The Internet is still reeling from the early release of Marvel’s Avengers: Age of Ultron trailer, which promises to raise the stakes even higher from what Earth’s Mightiest have faced in the past. At the center of it all is Ultron (James Spader), the self-aware A.I. who breaks free of his ‘strings’ and wrecks havoc on the planet. The trailer didn’t show much of the villain in action, but the glimpses provided (and a killer one-liner) illustrate Ultron’s potential to surpass fan-favorite Loki (Tom Hiddleston) when it comes to posing a super-powered challenge.
Spader has already discussed the psychology behind the character, but now we’ve learned more about the filmmaking process that it took to make Ultron a reality on screen. In an interview with Total Film, the actor detailed how the advances in motion-capture technology played a large role in putting the final product together:
“When you first meet Ultron, his physicality is very different to what he evolves to. It was in the script but we arrived at the metamorphosis of him on the set. In practice, in rehearsals… we were able to create the physicality of the character on the motion-capture stage. They would dot me up and I was wearing a helmet that had two cameras on my face, and they could live stream it to a monitor so we could try different things.”
Spader mentioning the “physicality” and evolution of Ultron plays in line with what was shown in the teaser; that Ultron will continuously upgrade over the course of the sequel’s runtime. When he makes his fateful first appearance at the party in Stark Tower, he looks like an old piece of scrap, walking in an almost zombie-like fashion (one might say, a puppet on a string). As the story progresses, Ultron becomes the fearsome being shown in the trailer’s final shot, moving freely like an organic creature.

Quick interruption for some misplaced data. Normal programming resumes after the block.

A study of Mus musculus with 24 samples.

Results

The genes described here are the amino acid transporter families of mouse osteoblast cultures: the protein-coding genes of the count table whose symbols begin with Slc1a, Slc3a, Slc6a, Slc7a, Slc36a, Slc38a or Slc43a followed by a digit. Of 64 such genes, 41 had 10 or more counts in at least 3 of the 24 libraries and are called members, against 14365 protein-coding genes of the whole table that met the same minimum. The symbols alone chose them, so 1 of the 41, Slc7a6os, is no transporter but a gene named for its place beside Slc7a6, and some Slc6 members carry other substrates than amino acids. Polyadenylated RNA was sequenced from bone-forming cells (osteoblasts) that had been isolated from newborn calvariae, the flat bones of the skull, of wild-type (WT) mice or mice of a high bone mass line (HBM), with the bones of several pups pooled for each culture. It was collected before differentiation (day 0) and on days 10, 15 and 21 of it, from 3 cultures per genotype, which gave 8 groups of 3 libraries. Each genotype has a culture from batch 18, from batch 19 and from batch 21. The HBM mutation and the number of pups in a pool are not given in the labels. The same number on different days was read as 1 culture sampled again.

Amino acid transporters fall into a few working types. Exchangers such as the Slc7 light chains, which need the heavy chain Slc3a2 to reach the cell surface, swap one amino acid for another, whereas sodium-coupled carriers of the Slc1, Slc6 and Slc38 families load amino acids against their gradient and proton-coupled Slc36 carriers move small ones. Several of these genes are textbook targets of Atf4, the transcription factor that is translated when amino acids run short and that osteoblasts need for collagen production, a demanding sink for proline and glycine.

As such, it shouldn’t come as a big surprise that Spader was required to experiment during his performance. The evildoer is going to appear in multiple incarnations during Age of Ultron, and in order to portray those accurately, it makes sense for the actor playing him to mix things up along the way, trying different things to see what works and what doesn’t.
But Spader didn’t just act alone on the mo-cap stage. One of the benefits of this technology is that it allows the thespians playing digital creations to interact with the physical aspects of the set, creating something that feels more fluid and realistic.
Like Andy Serkis before him, Spader was able to enjoy this luxury as well, acting out his scenes with his co-stars, which allowed director Joss Whedon to capture everything about Spader’s performance – including his voice.
“I’d go and shoot the scene with the other actors and they’re recording all of it, including my voice. Nine times out of 10 they were not using ADR (additional dialogue recording) after the fact.”
This shouldn’t just help Ultron be more believable when audiences see him on screen, it also most likely aided the ensemble of actors playing the Avengers to buy into what was happening as well. Instead of going against a tennis ball on a stick, the likes of Robert Downey, Jr. and Chris Evans were possibly able to give more natural reactions to the A.I.’s threats against humanity. That’s a fact Andy Serkis has proven multiple times already, and a new element he brought to Mark Ruffalo’s Hulk, as well.
Ultron may be a psychopathic robot, but when a talented actor like Spader is in the mo-cap suit, it’s no surprise the cast has uniformly credited him – not the digital artists – with granting Ultron his on-screen identity. Between Spader injecting Ultron with some personality and emotion and the ILM effects team translating that to the finished shots, it looks like audiences will be in for a treat when the highly-anticipated followup finally hits theaters next summer.
The Avengers: Age of Ultron debuts on May 1, 2015.